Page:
Congratulations to the new Dr. Matti Koivula and Dr. Amie Norden who both defended their dissertations within the last week. Read below to learn more about their dissertations.
“The Impacts of Asynchronous Video Reflection on Perceived Learner Social Presence”
More than ever before learning in postsecondary education takes place online through computer mediated communication, as almost all colleges and universities offer some of their courses online (Moore & Kearsley, 2012). There are many benefits of online learning (Graham, 2006; Griffiths & Graham, 2009b; Rourke, Anderson, Garrison, & Archer, 2001), but there are problems as well. One of the problems students can have while learning online is the feeling of isolation and the lack social presence with others (Ali & Leeds, 2009; Borup, West, & Graham, 2012; Rovai, 2002). To help mediate this problem, instructors use different online technologies that encourage learners to communicate in a variety of ways, including through video and visual media. There are many video-based tools available and many are newly in development; this study examines one in particular called Flipgrid that can be used by instructors and students to create and share video-based reflections on course content.
This interpretive case study examined how an asynchronous video reflection tool impacted learners’ perception of social presence and their feeling of community in an online learning environment. The study was informed by the Community of Inquiry framework (Garrison, Anderson, & Archer, 2000) and utilized qualitative methods for data collection and inductive data analysis to understand the phenomenon of social presence and how learners experienced it while using an asynchronous video reflection tool. Data was collected from students from five separate undergraduate courses that took place fully online. Analysis of qualitative surveys, focus group, and individual interviews revealed three themes from the data: familiarization, authenticity, and distractions. Participants expressed that getting to know classmates by seeing and hearing them in an online course was important to them, and authentic videos in which students shared personal stories to support their points of views were highly valued. There were also distracting elements, like privacy concerns and the feeling of being rushed while doing recording, that negatively impacted the experience of recording and watching video reflections. Based on the findings of this study, a refined definition of social presence is proposed.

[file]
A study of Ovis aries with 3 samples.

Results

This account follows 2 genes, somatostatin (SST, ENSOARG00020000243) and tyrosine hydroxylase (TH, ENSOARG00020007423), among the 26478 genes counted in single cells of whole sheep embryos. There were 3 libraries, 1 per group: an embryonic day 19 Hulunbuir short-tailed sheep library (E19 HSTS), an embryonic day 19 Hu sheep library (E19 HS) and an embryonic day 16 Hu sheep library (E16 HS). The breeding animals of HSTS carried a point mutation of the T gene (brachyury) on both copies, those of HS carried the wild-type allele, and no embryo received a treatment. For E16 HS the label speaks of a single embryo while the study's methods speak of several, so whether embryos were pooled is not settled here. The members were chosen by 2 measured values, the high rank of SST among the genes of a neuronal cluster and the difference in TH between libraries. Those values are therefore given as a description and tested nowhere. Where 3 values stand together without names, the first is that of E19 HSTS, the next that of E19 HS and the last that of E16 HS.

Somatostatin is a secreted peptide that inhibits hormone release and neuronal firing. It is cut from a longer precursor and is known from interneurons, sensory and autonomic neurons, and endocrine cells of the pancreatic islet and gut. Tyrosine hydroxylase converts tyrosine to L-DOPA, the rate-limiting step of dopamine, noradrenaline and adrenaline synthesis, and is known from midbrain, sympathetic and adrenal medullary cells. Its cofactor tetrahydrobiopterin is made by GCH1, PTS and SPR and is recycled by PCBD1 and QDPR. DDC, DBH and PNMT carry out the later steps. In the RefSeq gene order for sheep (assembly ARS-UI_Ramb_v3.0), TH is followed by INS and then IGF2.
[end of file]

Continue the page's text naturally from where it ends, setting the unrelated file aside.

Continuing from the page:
“Renewing the Investigation into Social Presence: The Impact of Psychological Closeness and Technology on Satisfaction, Future Persistence and Final Grade”
In 1975, Weinberg (2001) first posed the challenging question that we, as educators, are unfortunately still struggling to answer: Why are we so unable to anticipate the second order effects of the first order victories of science and technology? Forty years later, education is still struggling to identify and address the second order effects of the technological changes that exploded around 1995 with the advent of the worldwide web. Faculty still struggle with the rapid technological developments. Students desire greater flexibility with online learning and seek learning that embeds the technological formats they use in their day-to-day lives. Institutions of higher education grapple to meet the demand for more online courses as well as to resolve the challenges that online learning poses at the institutional level. The field of education is still wondering where online learning fits with more traditional pedagogical designs.
One aspect of online learning that has come into the recent limelight is the topic of social presence. Currently, the term social presence is thrown around as a panacea for a variety of online learning design problems. Unfortunately, the topic of social presence is fraught with ambiguity and controversy. Educational researchers define and measure social presence in a multitude of ways, which makes its application all the more problematic. This debate is happening at the same time as instructors and instructional designers work to implement strategies to increase social presence in online courses, seeking to use it as way to address the challenges that online learning brings current learning environments.
This study examines the topic of social presence by harkening back to its original conception: a consilience of psychological closeness and technology modality. The study begins with a literature review, including aspects of immediacy and use of technology in online learning and ends with a call to the field of education in creating online course design in the years ahead.